U.S. Takes Another Important Step Towards Improved Climate and Trade Policy

Building on last year’s momentum, the United States announced an important step towards developing smart climate and trade policies.

Today, John Podesta, senior advisor to President Biden for international climate policy, spoke about the need for “a global trading system that slashes pollution, creates a fair and level playing field, protects against carbon dumping, supports good manufacturing jobs and economic opportunity, and rewards every country that’s doing the right thing—no matter their stage of development.” To accelerate the transition toward climate-smart trade policies, the Biden administration announced the formation of a new White House Climate and Trade Task Force. This task force will have three priorities:

  1. Develop climate and trade policies that effectively address carbon leakage, carbon dumping, and embodied carbon in general.
  2. Ensure we have credible, robust, and granular data to implement climate and trade policies.
  3. Identify additional actions to allow domestic and foreign producers to thrive.

The announcement represents a new articulation of how the Biden administration views international trade through a climate lens. This was previously seen through the negotiations between the United States and the European Union on the Global Arrangement on Sustainable Steel and Aluminum, which seeks to establish the first carbon-based sectoral trade arrangement on steel and aluminum. And most recently seen in a communication to World Trade Organization (WTO) members calling for an enhanced focus on trade-related climate measures.

More broadly, there is growing bipartisan interest for action among U.S. policymakers in climate and trade policies. While Democrats and Republicans have varying reasons for their interest in climate and trade policies, the overlapping considerations are economic competitiveness and support for domestic manufacturing. Recent research indicates that U.S. manufacturers are able to produce the same goods with a lower overall carbon intensity than developing and emerging economies, giving the United States a clear “carbon advantage.”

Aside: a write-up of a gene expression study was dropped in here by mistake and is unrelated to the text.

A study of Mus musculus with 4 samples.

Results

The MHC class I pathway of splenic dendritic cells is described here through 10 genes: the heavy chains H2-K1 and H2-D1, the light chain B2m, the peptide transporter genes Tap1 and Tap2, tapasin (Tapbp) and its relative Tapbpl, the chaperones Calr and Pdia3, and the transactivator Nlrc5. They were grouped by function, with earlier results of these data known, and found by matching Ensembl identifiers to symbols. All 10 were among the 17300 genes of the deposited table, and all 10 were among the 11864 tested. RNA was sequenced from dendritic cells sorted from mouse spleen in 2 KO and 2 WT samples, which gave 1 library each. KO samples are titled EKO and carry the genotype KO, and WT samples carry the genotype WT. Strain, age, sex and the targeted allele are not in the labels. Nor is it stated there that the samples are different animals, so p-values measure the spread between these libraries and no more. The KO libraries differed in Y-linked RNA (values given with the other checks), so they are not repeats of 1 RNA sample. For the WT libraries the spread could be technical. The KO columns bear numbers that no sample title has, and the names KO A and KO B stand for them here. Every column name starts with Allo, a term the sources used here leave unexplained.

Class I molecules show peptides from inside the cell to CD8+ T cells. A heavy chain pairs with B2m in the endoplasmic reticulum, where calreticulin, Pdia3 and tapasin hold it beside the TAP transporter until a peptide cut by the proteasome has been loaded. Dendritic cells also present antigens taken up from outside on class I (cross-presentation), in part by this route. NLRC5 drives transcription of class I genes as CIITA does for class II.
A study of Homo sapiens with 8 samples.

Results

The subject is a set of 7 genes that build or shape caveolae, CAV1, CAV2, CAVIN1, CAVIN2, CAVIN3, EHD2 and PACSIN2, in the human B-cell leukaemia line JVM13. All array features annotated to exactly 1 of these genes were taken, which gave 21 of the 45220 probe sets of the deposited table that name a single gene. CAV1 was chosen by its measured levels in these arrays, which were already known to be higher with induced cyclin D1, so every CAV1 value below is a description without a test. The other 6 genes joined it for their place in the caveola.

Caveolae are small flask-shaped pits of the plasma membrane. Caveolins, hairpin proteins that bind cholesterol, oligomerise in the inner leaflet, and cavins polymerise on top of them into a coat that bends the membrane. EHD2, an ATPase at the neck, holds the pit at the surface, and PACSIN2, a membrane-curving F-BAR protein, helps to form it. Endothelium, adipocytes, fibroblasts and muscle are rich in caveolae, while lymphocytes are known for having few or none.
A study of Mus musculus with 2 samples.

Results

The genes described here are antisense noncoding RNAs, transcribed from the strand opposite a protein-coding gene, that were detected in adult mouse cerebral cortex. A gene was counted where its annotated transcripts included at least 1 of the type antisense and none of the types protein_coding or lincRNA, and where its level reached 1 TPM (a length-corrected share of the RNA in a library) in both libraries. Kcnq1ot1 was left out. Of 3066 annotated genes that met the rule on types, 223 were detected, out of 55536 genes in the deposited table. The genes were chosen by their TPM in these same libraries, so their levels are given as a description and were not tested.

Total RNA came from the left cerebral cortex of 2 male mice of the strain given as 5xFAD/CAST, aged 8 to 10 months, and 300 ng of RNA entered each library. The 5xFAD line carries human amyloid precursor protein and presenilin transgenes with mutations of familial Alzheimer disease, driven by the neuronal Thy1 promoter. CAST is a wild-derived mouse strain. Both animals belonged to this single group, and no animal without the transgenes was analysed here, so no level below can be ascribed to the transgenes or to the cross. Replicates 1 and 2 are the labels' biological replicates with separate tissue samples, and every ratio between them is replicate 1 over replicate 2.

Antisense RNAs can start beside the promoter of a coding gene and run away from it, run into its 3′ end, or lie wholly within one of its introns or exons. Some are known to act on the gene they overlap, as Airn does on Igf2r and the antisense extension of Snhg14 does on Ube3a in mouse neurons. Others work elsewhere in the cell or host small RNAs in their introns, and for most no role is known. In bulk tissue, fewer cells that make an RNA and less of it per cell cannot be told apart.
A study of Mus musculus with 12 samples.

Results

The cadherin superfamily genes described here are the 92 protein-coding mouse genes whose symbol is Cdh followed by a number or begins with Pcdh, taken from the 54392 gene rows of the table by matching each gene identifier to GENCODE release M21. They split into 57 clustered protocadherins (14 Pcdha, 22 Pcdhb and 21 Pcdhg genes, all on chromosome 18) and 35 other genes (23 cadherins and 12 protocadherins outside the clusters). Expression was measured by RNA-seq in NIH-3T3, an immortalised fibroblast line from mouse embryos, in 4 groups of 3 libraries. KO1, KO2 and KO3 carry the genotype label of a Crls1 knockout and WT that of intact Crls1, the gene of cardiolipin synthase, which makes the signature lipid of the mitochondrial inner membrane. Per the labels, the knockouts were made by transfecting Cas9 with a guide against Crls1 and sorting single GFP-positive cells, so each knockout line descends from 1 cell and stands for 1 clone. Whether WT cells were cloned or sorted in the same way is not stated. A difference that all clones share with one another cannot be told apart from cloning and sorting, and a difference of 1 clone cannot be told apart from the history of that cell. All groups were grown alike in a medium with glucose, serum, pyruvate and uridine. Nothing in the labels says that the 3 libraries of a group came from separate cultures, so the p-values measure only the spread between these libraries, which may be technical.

There is also interest in embodied emissions of globally traded goods, which make up nearly a quarter of global carbon dioxide emissions in 2019. Closing this “carbon loophole” — whereby countries reduce their own emissions by importing goods from countries that emit more — represents a significant opportunity to reduce global emissions. However, there are no readily available carbon-intensity metrics to prove that U.S. goods are cleaner, let alone standard methods for calculating embodied emissions across countries.

Ensuring reliable, transparent data about the carbon intensity of trade goods is necessary for allowing producers to harness the growing market and consumer demand for low-carbon products. Moreover, federal agencies are already collecting the data required to calculate carbon-intensity metrics for some goods, most notably through buy-clean initiatives. Bringing together these disparate agency efforts would make it easier for the federal government to calculate carbon-intensity metrics and make the resulting data available to consumers and producers. It’s important to note that carbon intensity metrics on their own do not establish a border carbon adjustment, but provide the foundation for a potential carbon border adjustment mechanism.

From the perspective of climate action, a top priority should be ensuring that climate and trade policies actually achieve good outcomes for the climate, in the form of significant emissions reductions. Domestically, that means doing more than just favoring cleaner U.S. manufacturers: it also means policies that reduce industrial emissions here at home. Internationally, we can enhance international cooperation by creating a fair and level playing field, accelerating climate action, and rewarding those who are leading on action. Working with all international partners, we can explore opportunities presented through smart climate trade policies to reduce global emissions.

Today’s announcement on climate and trade policies is exciting. A new C2ES paper provides an update on the latest policy developments, international and domestic, along with key considerations on the policy design of a carbon border adjustment mechanism. As discussions around climate and trade policy continue to heat up, it’s crucial that we are operating from a common understanding about the key issues at play.

At C2ES we will continue working with Congress, the administration, international partners, companies, and other stakeholders to help build bipartisan support for smart climate policies that ensure greater domestic ambition alongside international partnerships that can drive global emission reductions.